NAPTOSA Comments on the release of the PIRLS - 5 December 2017
No new PIRLS of wisdom just yet – Lessons to Learn
President of NAPTOSA, Mr Nkosiphendule Ntantala, while welcoming the global release of the Progress in International Reading Literacy Study (PIRLS) 2016 presented to stakeholders in Centurion today, questioned what lessons we can learn from this study.
South Africa still performs at the bottom of the 50 country list. The Russian Federation tops the list at 581 points and South Africa again scores the lowest on 320 points. Mr Ntantala asks what we can learn from the Russian Federation in order to improve our educational reading strategies in South Africa. ‘Given that the Russian Federation spends almost double the instructional time South Africa does on language and reading, it is perhaps not surprising that it continues to top the list,’ said Ntantala. Furthermore, the Russian Federation has better instructional strategies in that by the time learners reach Grade 1, they are better prepared for school. ‘Reasons for this could be because pre-schooling in that country is of a high standard, something NAPTOSA has continuously urged the Department of Basic Education to formalise,’ said Ntantala.
NAPTOSA notes that 71% of our Grade 4 learners wrote the test in the language which they speak at home. The lesson to be learned is that learners should be allowed to write assessments in their mother-tongues; a position which NAPTOSA continues to advocate. ‘Thus, despite the fact that there was a negligible increase in the bottom line result, this is likely due to the fact that learners wrote in their mother-tongue language. What this result does is mask the fact that we are still performing poorly overall. We need to question whether this is a reflection of the quality of language teaching in our country,’ said Ntantala.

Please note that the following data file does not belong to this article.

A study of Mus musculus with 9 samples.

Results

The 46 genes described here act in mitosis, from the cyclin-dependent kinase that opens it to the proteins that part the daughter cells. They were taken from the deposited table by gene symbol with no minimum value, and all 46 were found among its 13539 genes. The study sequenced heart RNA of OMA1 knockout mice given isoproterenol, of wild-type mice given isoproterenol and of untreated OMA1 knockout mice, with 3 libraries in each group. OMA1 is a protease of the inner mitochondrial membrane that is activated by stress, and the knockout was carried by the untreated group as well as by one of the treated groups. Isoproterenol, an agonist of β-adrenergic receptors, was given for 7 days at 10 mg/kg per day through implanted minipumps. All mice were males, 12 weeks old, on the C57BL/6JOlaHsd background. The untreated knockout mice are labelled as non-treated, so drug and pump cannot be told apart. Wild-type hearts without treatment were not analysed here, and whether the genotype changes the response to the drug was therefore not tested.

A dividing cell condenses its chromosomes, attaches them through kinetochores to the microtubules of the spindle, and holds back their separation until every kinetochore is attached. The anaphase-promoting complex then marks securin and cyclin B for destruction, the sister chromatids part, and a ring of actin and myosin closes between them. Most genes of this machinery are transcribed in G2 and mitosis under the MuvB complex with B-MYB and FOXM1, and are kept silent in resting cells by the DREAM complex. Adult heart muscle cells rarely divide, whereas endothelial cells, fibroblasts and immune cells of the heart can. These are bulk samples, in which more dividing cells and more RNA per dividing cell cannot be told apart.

South Africa has come a long way in the fight against HIV and AIDS. HIV and AIDS has claimed the lives of many teachers. Through the PTCA programme, NAPTOSA teachers became directly involved in the fight against HIV and AIDS. NAPTOSA has successfully contributed towards reducing the stigma and discrimination associated with HIV and AIDS. The PTCA project came to an end in 2012, but the fight against HIV and AIDS continues.
Teachers and learners are equally burdened by the stigma and discrimination associated with HIV and AIDS. One in every five teenage pregnant girls is infected with HIV. These learners are often faced with discrimination. Some of these learners end up dropping out of school unable to deal with the double impact of HIV and stigmatisation.
The South African National AIDS Council (SANAC), a body that provides strategic direction to the country on HIV, developed the National Strategic Plan (NSP) on HIV, Sexually Transmitted Infections (STIs) and Tuberculosis (TB), 2012 -2016. The NSP is built on the vision to achieve:
-Zero new HIV and TB infections
-Zero new HIV infections due to vertical transmission (mother to child)
-Zero preventable deaths from HIV and TB; and
-Zero discrimination associated with HIV, STIs and TB.